Murder, cyber-bullying, Julia Gillard. Social networking has garnered a lot of scrutiny lately. Privacy, cyber-bullying and suicides have all made headlines.
Tragically, 14-year-old Alex Wildman could no longer cope with the homophobic taunts. Nona Belomesoff was lured to her fateful demise. And who could forget Wil Anderson’s delightfully inappropriate Logies tweets?
But is social networking the real enemy?
This is how we’re choosing to communicate. The same stuff was happening 50 years ago. The only real difference is we didn’t have the technology or desire to share every painful detail of our lives. I don’t care if 25 of my ‘friends’ changed their pics, or the latest fabulous nobody checked in at Club fill-in-the-blanks. Evidently, it matters to them though.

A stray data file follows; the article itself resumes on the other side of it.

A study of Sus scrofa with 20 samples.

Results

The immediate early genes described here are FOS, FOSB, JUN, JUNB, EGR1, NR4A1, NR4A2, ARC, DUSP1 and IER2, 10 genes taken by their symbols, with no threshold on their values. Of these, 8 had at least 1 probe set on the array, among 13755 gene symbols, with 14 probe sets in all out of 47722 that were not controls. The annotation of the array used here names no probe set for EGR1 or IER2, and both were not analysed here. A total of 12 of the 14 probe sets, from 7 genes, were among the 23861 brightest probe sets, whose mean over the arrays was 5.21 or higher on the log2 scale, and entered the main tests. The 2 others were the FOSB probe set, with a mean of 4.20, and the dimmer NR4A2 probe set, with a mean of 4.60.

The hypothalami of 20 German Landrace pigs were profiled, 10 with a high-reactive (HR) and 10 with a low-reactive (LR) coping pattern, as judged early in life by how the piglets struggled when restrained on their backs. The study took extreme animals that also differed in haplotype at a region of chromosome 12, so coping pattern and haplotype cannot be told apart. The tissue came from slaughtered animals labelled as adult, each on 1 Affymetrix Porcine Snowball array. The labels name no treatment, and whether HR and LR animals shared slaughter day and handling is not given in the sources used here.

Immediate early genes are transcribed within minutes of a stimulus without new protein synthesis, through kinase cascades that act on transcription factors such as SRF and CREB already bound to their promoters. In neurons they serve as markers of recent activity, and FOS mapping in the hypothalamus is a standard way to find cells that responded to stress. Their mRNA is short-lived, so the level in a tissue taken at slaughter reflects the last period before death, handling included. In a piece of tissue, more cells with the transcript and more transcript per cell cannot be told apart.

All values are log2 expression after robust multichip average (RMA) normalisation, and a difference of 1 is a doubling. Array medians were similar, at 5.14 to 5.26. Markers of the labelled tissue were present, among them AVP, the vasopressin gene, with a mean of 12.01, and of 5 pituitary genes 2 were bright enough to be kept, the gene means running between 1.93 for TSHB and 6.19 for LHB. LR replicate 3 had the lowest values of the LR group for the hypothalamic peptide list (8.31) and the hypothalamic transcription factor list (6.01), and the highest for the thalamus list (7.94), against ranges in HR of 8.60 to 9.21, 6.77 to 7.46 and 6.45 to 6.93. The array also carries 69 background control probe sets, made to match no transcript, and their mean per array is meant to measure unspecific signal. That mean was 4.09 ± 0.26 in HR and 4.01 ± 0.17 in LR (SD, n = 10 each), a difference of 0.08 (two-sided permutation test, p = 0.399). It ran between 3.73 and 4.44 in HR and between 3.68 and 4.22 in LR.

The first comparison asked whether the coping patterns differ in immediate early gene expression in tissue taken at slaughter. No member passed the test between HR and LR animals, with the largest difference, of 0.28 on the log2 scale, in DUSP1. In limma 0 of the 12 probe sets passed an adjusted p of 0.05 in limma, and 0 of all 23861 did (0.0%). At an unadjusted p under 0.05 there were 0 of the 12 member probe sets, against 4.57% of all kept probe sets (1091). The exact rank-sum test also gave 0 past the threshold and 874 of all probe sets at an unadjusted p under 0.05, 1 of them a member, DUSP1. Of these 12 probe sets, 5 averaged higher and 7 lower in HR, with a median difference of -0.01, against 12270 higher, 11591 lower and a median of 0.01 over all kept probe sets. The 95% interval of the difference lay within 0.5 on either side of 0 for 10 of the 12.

The true genius of social networking is its ability to foster a collective mindset among people who’d otherwise be strangers. It’s a powerful thing. Politicians know it. Just ask Obama. All you need for success is a webcam and an idea. Just ask Justin Bieber. Like reality telly, it’s a guilty pleasure we love to hate, even if it means compromising privacy.
Honestly though, if you’re so concerned about privacy, don’t post anything. Better yet, don’t use the internet. Your data was shared long before your mother saw your giney on TwitPic. And the government has access to most of it. It’s the least of my worries if people know I support gay marriage.
Hours can be squandered wading through the days ‘events’. I have carpal tunnel to prove it. Is Kylie back? Is our first female PM still against same-sex marriage? And where else could we discuss the significance of having a ranga in the country’s top job?
The great tragedy will be when we hit middle age and realise we’re not stars, we don’t really have 5000 friends, and no one really gives a toss.